Good morning, Quartz readers!
What to watch for today
Potential rival bid for Dell Tomorrow (March 22) is a deadline for alternative bidders to come forward and challenge founder Michael Dell’s take-private offer. Buyout house Blackstone is reportedly preparing a competing offer.
Will Obama mention the peace process? Some are calling the US president’s trip to Israel “Operation Desert Schmooze.” His first speech was one of rousing support for Israel. He may have been softening the ground for today’s speech, before a group of students, where he may bring up the touchy subject of peace with the Palestinians.
US home prices point to economic recovery. Economists polled by Bloomberg are expecting the home price index to rise 0.7% from last month, and existing home sales to increase 1.6% month over month, to 5 million.
Twitter turns seven. The company celebrates its seventh birthday with 200 million users who generate an average 400 million tweets a day. The service has brought more freedom of expression to repressive regimes, and also enabled public figures to stupidly compromise themselves to an audience of millions.
While you were sleeping
Cyprus tried to find a Plan B. The nation’s president has been scrambling to come up with a deal to save the economy after its parliament rejected a controversial tax on bank savings. Cyprus’ government is now seeking financial assistance from Russia. The European Central Bank said it would keep emergency aid for Cypriot banks in place at least until Monday, but warned to cut off assistance shortly afterwards unless an international rescue plan was drawn up.
Oracle missed earnings forecasts. The world’s number 3 software maker missed expectations for third quarter software sales. Management blamed the sales force for their “lack of urgency,” though analysts are getting more concerned about tepid IT spending by corporations and governments. Oracle’s stock fell 8% in after-hours trading.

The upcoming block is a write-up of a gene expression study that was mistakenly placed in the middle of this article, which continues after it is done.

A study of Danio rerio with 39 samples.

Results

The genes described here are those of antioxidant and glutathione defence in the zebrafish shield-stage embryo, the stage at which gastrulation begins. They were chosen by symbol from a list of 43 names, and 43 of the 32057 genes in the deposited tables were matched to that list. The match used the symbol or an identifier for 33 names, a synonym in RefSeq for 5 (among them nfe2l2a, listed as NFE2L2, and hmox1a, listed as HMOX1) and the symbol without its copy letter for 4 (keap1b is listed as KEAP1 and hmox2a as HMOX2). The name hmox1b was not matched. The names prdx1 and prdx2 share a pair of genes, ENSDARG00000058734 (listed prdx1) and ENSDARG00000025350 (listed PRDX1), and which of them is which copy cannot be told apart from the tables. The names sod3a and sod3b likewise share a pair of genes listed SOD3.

North Korea claimed it has the ability to attack US overseas military bases. The rogue state has said bases on the Pacific island of Guam and Okinawa in Japan are in its sights and it will attack them if provoked. The US plans to beef up missile defenses along the Pacific coast of the United States.
And South Korea said it was being hacked by China, which possibly meant North Korea did it. A Chinese internet address was linked to a major attack on South Korean banks and media companies. This gave rise to suspicions of North Korean hackers using Chinese internet identities to carry out attacks on the South in retaliation against UN sanctions.
Quartz obsession interlude
Zach Seward on why stationery firm Moleskine is planning a high-priced IPO. “The higher margins are being used by Moleskine’s bankers to justify a valuation between 22 and 29.1 times the company’s earnings last year, which is higher than brands like Burberry and Richemont. But is Moleskine best compared to all these luxury brands, which sell clothing and accessories, or companies that actually make, you know, paper? An illuminating chart from the company’s IPO prospectus makes the case that Moleskine is actually the opposite of a stationery company.” Read more here.
Matters of debate
There is no such thing as a “tech company.” It is just a label to increase valuations. All successful corporations innovate with technology.
Japan should stop pandering to elderly savers and focus on its youth, who are struggling with poverty and unemployment (paywall).
The truth behind Cyprus’s bank catastrophe. Cypriot banks are really Greek banks in disguise.
The complete guide to note-taking at work. Choose digital over paper; organize obsessively; and doodle.
India’s male tech start-up founders struggle to find wives. Families see them as like impoverished artists, but not as glamorous.
Someone has created a rock band made of LEGO robots.